10 February 2020
As February is National Heart Month, Dr Peter Henriksen gives us insight into coronary artery disease.
What is coronary artery disease?
Coronary (heart) artery disease is caused by build-up of fatty deposits inside the lining of the coronary arteries that supply blood to the heart muscle. Eventually the arteries may become so narrow that the heart muscle does not receive enough blood flow. This results in symptoms called angina. These symptoms may come on when the heart muscle is in need of extra blood flow when the patient is active eg walking or exercising. In some patients the fatty deposits and lining of the coronary artery may suddenly break or rupture. This leads to sudden clot formation and blockage of the artery. Blood flow to the heart muscle is stopped resulting in a heart attack (myocardial infarction).
What are the symptoms of angina? How do I know if I am having a heart attack?
Angina is a term used to describe a collection of symptoms related to coronary disease. Symptoms come on during walking and are more prominent on inclines or in cold weather. Patients often describe a tightness or discomfort in the chest, arms or neck. This may be accompanied by shortness of breath and symptoms improve quickly with rest. Additional symptoms including fatigue, nausea, light headedness. More varied patterns of chest discomfort may be described by some patients. These additional symptom patterns are sometimes referred to as ‘atypical’ and are more commonly described by women. Heart attack symptoms occur at rest and build up rapidly. Chest discomfort is usually intense and in addition to all the symptoms listed above the patient may start sweating and vomit.
What causes coronary artery disease? Can it be prevented?
Risk factors increase the rate of fatty build up in the lining of the arteries and make blood clot formation and heart attack more likely. Many risk factors can be identified easily and controlled. These risk factors include; smoking, high blood pressure, high blood cholesterol concentrations, diabetes, being overweight and not exercising. Treating and reducing risk factors is an effective way of preventing the onset of angina or heart attack. We are getting better at doing this and death rates from coronary artery disease in UK have fallen by 40% in the last 20 years. Unfortunately, despite improvements in our understanding and treatments, heart attacks remain a leading cause of death and many heart attack patients die before reaching hospital.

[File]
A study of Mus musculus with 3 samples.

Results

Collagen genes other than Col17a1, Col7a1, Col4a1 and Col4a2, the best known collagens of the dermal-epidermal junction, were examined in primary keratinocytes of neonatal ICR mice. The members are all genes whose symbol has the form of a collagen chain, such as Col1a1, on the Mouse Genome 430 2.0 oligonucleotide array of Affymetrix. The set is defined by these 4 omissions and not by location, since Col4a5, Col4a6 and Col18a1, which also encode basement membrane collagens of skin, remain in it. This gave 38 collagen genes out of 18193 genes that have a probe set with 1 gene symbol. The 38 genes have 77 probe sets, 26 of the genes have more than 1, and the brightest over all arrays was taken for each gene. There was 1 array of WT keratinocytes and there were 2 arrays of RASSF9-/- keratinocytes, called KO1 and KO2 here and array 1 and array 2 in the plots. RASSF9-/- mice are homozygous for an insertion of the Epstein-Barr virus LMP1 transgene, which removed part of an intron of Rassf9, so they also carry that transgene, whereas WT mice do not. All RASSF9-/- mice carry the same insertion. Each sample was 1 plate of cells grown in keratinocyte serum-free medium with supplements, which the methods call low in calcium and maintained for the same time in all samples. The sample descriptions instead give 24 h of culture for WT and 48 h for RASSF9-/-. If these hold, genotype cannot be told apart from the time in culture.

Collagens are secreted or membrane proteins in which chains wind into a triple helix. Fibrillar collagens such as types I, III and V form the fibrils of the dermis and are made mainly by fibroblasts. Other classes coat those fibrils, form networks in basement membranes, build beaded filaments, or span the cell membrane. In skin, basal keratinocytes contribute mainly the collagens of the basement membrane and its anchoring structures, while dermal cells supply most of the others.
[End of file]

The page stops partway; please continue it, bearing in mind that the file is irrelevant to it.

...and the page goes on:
How is angina related to coronary artery disease diagnosed? What tests are available?
The symptoms the patient describes to the doctor are key to making the diagnosis of angina and raising a suspicion of underlying coronary disease. Assessment will also include identification of the risk factors outlined above. Blood pressure measurement and blood tests for cholesterol and sugar (glucose) will be taken. Patients with coronary artery disease usually have no physical signs and with varied symptoms the diagnosis can be challenging. Without additional testing it is easy to miss patients with underlying coronary disease and incorrectly diagnose patients who do not have it. Recently, a research group led by cardiologists in Edinburgh, demonstrated that CT coronary angiography, conducted in a CT X-ray scanner, leads to better diagnosis and assessment of patients with possible angina. The researchers demonstrated that health outcomes for patients assessed by CT coronary angiography were better including lower rates of heart attack and death. CT coronary angiography helps the doctor ensure that the right treatment gets to the right patient. Spire Shawfair Park Hospital provides rapid access to cardiology consultant led assessment and CT coronary angiography for patients with possible angina.
If you have any concerns or would like to find out more about our cardiology service, contact us on 0131 316 2507 or firstname.lastname@example.org.